Sunday, June 03, 2007
Fourth Blogger's Breakfast Club May 26th, KL
Lee Su Kim Photo by Lyrical Lemongrass
My LitSaturday in KL began when Lyrical Lemongrass picked me up from the hotel forecourt and we set off to Bangsar for the Breakfast Club. We sneaked in just as Eric was introducing Lee Su Kim author of Malaysian Flavours (Pelanduk Publications, 1996), whose new book, A Nyonya in Texas: Insights of a Straits Chinese Woman in the Lone Star State (Marshall Cavendish, 2007) is now available at MPH. I also noticed a slim volume on Manglish. She spoke amusingly of her experiences in Texas, and how Americans view Malaysia (where??). The guy who always asks about making money from writing piped up at question time, amid much giggling from the audience, so I asked Su Kim if she'd met any cowboys while she was in Texas, to change the subject. Surprisingly, she said No! (and there's a whole chapter on this in her book) There were no cowboys to be met in Texas and she had to pay money to go to the Rodeo to catch sight of any. How disappointing! I just adore cowboys, you'd think there'd be a few wandering around in Texas. She was very funny and a confident speaker.
David Byck Photo by Lyrical Lemongrass
David Byck, author of It’s a Long Way to the Floor (Johnathan Styles, 2006) says it is not an autobiography, it's about the process of change. He looks very fit, so the man walks his talk! On his website he says his book is "a true story of how yoga changed the life of a hot dog-eating, sports-loving, weight-lifting, Mr. Corporate America from the inside out." I wish I could have seen a little bit of the man before (he does describe himself on his official website ) - but David seems like a very relaxed and happy kind of guy. You can see how his gentle, self-deprecating humour would carry the tone of his book.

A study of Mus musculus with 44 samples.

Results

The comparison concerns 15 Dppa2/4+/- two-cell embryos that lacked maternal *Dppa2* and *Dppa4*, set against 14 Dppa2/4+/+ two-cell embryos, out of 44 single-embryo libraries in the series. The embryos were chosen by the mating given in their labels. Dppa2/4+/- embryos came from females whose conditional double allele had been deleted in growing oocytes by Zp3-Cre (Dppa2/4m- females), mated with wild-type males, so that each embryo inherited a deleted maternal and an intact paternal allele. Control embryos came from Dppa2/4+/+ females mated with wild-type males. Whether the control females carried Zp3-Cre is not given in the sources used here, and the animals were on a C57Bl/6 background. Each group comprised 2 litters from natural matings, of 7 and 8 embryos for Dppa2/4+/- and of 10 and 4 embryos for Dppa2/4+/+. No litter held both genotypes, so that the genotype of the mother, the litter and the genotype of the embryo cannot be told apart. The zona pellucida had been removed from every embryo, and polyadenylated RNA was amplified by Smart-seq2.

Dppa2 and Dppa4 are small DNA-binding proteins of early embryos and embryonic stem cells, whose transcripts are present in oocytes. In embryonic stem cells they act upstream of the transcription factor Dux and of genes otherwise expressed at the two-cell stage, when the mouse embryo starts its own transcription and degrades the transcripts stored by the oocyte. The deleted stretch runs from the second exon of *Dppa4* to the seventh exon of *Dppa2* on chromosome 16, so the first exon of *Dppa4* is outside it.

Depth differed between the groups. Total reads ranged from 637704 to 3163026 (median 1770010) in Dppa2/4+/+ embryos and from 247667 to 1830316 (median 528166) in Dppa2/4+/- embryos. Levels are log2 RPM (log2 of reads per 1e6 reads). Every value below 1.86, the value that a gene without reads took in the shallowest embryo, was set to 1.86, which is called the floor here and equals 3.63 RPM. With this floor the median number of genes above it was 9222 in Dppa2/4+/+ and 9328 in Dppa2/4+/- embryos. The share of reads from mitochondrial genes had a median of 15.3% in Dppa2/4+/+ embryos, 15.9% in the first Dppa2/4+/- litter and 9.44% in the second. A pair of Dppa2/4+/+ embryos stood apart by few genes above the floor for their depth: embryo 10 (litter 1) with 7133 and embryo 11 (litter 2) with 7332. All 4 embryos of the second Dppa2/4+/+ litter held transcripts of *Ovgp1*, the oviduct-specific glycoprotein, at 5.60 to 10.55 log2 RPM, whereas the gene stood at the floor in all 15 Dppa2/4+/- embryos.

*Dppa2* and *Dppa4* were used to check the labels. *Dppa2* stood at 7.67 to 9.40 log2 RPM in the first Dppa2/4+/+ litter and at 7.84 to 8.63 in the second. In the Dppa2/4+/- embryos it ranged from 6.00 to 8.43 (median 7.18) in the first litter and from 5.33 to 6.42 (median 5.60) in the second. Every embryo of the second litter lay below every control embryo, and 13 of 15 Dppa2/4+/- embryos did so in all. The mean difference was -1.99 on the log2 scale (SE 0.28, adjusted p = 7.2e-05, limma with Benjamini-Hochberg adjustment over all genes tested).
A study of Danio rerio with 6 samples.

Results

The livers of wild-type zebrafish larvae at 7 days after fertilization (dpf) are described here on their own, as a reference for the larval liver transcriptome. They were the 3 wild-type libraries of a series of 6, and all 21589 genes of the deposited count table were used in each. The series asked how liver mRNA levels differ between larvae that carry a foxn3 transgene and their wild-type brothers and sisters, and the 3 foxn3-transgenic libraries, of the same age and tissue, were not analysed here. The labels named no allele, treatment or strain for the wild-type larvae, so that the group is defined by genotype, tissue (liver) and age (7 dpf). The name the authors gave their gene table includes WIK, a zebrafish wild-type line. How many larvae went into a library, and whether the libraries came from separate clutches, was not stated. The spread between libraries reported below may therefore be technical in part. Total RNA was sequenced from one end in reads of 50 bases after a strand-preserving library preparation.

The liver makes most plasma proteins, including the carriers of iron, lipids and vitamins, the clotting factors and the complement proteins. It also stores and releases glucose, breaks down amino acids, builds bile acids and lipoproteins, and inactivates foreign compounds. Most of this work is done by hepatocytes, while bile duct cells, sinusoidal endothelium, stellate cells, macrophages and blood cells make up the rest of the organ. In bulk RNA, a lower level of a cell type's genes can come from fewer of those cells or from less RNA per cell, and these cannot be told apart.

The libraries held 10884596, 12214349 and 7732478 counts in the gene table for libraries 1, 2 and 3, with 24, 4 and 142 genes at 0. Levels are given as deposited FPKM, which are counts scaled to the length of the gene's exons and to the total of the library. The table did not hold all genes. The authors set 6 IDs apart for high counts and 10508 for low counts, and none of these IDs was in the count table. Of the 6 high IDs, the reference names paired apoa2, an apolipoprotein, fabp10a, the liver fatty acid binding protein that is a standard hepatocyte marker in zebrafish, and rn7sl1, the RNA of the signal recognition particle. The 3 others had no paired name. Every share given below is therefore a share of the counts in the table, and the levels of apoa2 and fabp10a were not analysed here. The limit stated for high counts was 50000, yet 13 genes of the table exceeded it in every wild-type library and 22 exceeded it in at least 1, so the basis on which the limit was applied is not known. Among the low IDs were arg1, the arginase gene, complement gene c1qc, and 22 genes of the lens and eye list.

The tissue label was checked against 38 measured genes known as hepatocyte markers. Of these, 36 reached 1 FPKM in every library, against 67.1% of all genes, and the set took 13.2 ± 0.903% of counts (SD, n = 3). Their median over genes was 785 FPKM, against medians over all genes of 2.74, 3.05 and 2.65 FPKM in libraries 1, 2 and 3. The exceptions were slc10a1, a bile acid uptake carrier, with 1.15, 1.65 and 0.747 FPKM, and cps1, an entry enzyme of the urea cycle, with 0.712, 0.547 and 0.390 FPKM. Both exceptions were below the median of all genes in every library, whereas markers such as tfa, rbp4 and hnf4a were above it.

He spoke with a lot of honesty and integrity about the writing process, describing how he's going about his second book and some very funny anecdotes about going to a writing workshop in the US and the process of editing after one has written the first draft. What I remember? 1. Work on your first sentence. 2. Finish your manuscript before even thinking about anything else. 3. The difference between most published and unpublished writers is simply that the published writer didn't let anyone discourage them. He was a very encouraging and motivating speaker and I think he'll be reading a chapter from his book-in-progress at the next Readings at Seksan's.
Kudos to Eric and MPH for getting such entertaining speakers, and for such a lively session. (Ooh and nice curry puffs!). I met Chet and Spiffy and k.kim which I recognised from Blogworld and somehow ended up going in a group with Eric, Xeus, Spiffy and Lyrical Lemongrass to Red Ginger and then onwards for a lovely box of cakes at Just Heavenly. Mmmm mmmm!
This picture of what I had: Death by Chocolate is from their website. I definitely survived to go back some day.